Video Conferencing Could Help Resolve Conflicts At Work And At Home, an article today in Science Daily, included an interesting potential benefit of video teleconferencing for conflict resolution . . .
[T]he technology could be useful because it has more potential for social and emotional communication than the telephone, but cuts out the chance that one or both disputing parties are intimidated by the other’s physical presence.
The reporter adds . . .
Matthew Billings interviewed 12 experienced conciliators for their views on how they would feel about using video technology, and most thought that not being able to see the parties’ body language would hinder their work. . . .
But when a highly experienced conciliator took part in a mock dispute, with actors playing the part of aggrieved parties, she found it was surprisingly similar process to normal conciliation.
Lots going on in the world of conflict resolution and technology. From Gini Nelson's Engaging Conflicts . . .
The University of Massachusetts at Amhearst National Center for Technology and Dispute Resolution (NCTDR) has announced Cyberweek 2007, a week-long, all online, free conference on all things online dispute resolution. Details and links for registration are at the end of this post.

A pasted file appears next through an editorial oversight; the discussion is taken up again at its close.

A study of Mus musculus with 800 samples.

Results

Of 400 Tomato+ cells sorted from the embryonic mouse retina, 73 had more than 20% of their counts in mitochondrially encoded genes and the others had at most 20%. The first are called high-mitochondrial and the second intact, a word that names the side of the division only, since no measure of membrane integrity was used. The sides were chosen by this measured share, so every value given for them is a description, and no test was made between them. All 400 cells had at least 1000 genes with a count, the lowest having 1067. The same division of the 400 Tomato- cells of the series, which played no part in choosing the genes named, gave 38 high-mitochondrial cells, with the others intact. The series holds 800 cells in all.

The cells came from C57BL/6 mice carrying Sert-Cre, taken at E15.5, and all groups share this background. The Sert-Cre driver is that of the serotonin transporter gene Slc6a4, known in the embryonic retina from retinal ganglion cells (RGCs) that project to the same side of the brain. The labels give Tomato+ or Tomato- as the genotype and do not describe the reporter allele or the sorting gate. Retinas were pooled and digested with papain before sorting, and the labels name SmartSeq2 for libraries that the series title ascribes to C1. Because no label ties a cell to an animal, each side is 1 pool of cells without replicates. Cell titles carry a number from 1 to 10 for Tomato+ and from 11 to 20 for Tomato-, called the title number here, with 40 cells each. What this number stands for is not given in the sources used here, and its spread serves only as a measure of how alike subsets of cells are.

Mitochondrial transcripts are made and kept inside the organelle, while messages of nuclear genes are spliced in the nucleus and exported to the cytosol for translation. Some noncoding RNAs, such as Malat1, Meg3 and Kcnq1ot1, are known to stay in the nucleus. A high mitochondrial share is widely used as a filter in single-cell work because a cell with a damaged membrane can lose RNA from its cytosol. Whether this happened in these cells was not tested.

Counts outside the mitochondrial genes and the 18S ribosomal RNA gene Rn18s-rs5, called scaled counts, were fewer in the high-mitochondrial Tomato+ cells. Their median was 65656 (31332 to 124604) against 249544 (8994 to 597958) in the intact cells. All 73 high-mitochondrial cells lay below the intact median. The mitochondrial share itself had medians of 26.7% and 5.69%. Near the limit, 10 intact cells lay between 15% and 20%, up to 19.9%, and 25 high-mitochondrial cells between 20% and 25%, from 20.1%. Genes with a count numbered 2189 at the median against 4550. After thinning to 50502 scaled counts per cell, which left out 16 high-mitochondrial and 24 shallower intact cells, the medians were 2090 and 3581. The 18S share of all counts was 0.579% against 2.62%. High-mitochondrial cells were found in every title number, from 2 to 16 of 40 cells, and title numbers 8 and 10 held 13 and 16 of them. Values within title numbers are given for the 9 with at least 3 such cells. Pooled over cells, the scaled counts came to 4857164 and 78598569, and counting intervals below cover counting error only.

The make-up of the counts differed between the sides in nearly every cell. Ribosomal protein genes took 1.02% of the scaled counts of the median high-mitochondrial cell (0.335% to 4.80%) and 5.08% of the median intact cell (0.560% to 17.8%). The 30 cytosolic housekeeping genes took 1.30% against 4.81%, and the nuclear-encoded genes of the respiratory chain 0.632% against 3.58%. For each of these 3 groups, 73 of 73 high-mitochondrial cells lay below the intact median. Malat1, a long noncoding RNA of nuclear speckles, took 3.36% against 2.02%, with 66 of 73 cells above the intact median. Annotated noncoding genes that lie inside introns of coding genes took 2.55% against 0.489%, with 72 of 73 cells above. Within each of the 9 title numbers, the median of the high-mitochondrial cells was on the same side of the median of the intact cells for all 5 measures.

I’m especially excited about a panel I’m setting up right now for John DeBruyn, the “go to guy” up in Denver, CO on spreading the word on innovative use of online tools for dispute resolution, and the 2007/2008 Chair of the Colorado Bar Association’s ADR Section. It’s called Taking Peacemaking Public . . . .
And how how about using this technology for dispute resolution? From an earlier idealawg post . . .
[Y]ou will be amazed when you look at how Ray Bradbury was able to appear in Louisville while still in Los Angeles—click on "View a short video clip . . ." here.
Teleporting for mediation? What do you think?